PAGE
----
From Pop Culture To Camp Culture

An Amazing Race is educational, active, and fun--all rolled into one!

An Amazing Race is educational, active, and fun–all rolled into one!

soccer relay, or a Jamaican drumming limbo, to name a few. It is wonderful to be able to involve international staffers while sharing information and activities about their countries. Lastly, have each team participate in the World Flag Challenge, in which they must correctly identify the flags from each country before they hold hands and cross the finish line together as a team. This activity is educational, active, and fun—all rolled into one!

Summer Olympics

Many camps hold mini-Olympic Games to acknowledge this inspiring global competition held every four years. If the camp Olympics can coincide with the actual Summer Games so much the better. Spirit, sportsmanship, creativity, teamwork, and giving one’s best effort are at the heart of these three days of high energy. Start by interviewing several staff members that campers would wish to become the torchbearer. During the opening ceremonies, teams representing continents parade across the athletic field. A hush falls as the opening notes of the official Olympic anthem resound and the person chosen to light the Flame enters with the torch. After reading the Olympic Creed, sing songs, make speeches, and begin the games. Hold team and individual events over a two-day period, before presenting medals (everyone gets a team medal) with the closing ceremonies on the third day.

Provide campers an opportunity to represent their continent in swimming races, equestrian events, gymnastics, field events, paddle sports, sailing, cycling, and other sports. Encourage campers to indulge their creativity by helping with original team cheers, songs, and banners. Pair a new staff member with a returning one to co-captain each team, as these enthusiastic role models for the campers as well as impart cultures and traditions from the various represented continents—North and South America, Australia, Asia, and Europe.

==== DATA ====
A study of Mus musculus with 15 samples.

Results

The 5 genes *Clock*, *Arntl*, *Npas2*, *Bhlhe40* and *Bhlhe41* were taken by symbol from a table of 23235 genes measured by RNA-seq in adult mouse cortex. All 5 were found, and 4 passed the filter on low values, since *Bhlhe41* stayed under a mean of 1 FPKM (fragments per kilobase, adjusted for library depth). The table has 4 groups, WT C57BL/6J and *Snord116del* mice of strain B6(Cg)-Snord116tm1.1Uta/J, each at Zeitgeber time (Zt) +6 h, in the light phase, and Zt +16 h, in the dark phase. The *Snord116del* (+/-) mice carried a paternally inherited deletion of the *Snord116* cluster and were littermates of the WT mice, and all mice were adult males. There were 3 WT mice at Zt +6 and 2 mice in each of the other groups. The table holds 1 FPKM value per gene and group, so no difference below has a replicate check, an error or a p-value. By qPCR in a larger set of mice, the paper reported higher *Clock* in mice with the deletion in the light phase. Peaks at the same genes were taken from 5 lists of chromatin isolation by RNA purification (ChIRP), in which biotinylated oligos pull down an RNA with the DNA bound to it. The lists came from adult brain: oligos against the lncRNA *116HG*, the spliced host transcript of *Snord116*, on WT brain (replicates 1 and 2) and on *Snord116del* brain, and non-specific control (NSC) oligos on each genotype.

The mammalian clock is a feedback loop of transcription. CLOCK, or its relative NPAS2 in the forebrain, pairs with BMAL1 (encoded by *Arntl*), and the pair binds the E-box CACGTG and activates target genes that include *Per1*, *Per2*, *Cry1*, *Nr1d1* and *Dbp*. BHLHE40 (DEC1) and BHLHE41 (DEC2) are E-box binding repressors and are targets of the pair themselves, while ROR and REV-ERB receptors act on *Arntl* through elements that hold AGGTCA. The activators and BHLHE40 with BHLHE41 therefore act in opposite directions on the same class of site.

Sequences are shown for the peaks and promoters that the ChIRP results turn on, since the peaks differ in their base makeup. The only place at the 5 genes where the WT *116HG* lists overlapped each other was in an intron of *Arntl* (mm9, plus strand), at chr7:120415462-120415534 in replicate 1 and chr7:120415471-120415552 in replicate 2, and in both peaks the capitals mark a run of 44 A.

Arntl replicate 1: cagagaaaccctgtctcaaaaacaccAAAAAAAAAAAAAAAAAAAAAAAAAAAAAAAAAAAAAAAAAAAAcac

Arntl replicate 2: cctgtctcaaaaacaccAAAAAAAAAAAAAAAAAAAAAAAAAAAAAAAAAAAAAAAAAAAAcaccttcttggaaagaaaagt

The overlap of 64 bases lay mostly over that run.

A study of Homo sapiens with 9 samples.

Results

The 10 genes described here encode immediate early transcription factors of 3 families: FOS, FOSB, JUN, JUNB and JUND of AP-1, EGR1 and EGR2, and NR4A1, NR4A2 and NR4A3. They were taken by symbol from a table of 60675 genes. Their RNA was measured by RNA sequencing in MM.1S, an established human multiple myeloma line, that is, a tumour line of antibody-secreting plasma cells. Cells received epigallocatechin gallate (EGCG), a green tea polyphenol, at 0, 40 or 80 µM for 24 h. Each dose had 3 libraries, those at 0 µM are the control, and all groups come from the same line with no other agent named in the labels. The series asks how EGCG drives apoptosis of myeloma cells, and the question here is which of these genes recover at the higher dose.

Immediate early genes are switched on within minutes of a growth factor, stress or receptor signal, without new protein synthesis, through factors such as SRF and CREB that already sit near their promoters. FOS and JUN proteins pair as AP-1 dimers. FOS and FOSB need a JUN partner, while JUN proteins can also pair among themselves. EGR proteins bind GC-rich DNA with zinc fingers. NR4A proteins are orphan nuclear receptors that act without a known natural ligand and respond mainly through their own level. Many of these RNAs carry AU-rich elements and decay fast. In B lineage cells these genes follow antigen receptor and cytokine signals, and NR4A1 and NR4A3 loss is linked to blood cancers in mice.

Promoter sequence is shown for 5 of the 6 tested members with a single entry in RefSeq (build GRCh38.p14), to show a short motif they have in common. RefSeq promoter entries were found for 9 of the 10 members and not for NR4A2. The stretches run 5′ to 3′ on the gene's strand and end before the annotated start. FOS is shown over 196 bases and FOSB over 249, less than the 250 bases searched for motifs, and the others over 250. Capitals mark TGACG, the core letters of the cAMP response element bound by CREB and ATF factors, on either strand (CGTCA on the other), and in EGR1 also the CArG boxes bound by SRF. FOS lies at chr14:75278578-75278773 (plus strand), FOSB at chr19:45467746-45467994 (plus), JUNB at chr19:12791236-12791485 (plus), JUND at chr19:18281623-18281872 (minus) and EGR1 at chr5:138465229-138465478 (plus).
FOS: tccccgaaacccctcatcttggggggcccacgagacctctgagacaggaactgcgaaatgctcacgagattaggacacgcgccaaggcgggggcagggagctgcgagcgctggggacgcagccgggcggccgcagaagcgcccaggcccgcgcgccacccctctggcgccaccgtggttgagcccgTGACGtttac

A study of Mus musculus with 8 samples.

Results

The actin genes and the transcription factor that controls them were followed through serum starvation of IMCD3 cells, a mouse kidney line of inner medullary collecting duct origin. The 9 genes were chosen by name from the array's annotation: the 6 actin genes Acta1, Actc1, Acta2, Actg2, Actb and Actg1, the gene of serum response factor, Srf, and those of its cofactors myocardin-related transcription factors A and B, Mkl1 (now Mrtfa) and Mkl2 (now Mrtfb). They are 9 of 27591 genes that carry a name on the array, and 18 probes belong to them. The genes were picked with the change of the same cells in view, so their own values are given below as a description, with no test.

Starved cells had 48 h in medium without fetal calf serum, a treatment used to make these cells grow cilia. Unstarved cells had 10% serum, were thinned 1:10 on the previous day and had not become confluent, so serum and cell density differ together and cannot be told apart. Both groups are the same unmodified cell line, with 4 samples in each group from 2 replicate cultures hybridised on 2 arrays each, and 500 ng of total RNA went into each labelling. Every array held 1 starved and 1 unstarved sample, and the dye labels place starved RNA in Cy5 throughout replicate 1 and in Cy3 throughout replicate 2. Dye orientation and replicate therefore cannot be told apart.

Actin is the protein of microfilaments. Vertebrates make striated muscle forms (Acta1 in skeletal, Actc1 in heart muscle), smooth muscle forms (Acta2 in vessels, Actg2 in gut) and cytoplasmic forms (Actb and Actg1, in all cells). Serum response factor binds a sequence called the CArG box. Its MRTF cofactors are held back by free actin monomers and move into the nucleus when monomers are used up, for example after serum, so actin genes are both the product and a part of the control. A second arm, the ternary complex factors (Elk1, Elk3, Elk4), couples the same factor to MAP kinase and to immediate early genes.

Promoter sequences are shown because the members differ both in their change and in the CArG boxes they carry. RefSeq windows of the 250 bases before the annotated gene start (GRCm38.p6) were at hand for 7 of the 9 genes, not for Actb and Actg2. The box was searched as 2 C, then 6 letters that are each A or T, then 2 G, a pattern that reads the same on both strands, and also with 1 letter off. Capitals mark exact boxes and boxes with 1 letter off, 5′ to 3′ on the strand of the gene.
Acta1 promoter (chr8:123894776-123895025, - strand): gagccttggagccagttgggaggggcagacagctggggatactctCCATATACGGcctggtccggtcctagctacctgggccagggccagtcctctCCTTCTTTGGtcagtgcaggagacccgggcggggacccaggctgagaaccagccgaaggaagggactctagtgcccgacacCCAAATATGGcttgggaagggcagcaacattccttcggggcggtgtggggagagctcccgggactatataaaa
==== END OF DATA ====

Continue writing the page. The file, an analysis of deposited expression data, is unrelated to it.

Hunger Games

This year’s popular Hunger Games series has caught the imagination of youth and adults. Careful thought and planning put a positive spin on this day, which begins with the pageantry so present in the story. Staff members can dress up as the main characters and lead camper districts/teams on scavenger hunts throughout the grounds, while “eliminating” tributes with water balloons. The participants (following “elimination”) give interviews (as in the films), showcasing poise and sportsmanship, which earns their teams more points. Decorate the athletic field with a giant cardboard cornucopia that serves as a backdrop for a fun day that involves a great deal of teamwork and imagination.

Pirates Of The Caribbean

Last but not least, Pirates of the Caribbean is a swashbuckling focus for a special evening in the camp dining hall! As the camp gathers for the traditional flag-lowering ceremony, a plywood galleon ship (fashioned over a rowboat) can row Captain Jack Sparrow and his mighty crew to shore. Use sword fighting and kidnapping of fair maidens throughout the meal to bring fantasy “Adventure Land” to camp.

When pop culture complements camp culture, children experience the benefits of play and imagination in a safe and stimulating environment. Communication, self-confidence, trust, and a feeling of belonging are benefits of intentional activities that are fun, exciting, and interesting for all ages.

Georgianna Schrader Starz is the owner and CEO of Camp Nicolet, Inc in Eagle River, Wis. Reach her at

  3. Hunger Games Camp?
  4. The Spirit of Camp
  5. Teaching Teachers

One comment on “From Pop Culture To Camp Culture

  1. Jeanie Styer Simon on said:

    What a great article! So nice to know my 12 year old Rachel has been able to experience the same things I did as a camper from 1944 to 1950. Learning to Live together and the magic and spirit of Camp Nicolet will be in my heart forever. I can still have tears watching the big N burn in the last pictures of camp of 2013. How lucky we were all to be part of this.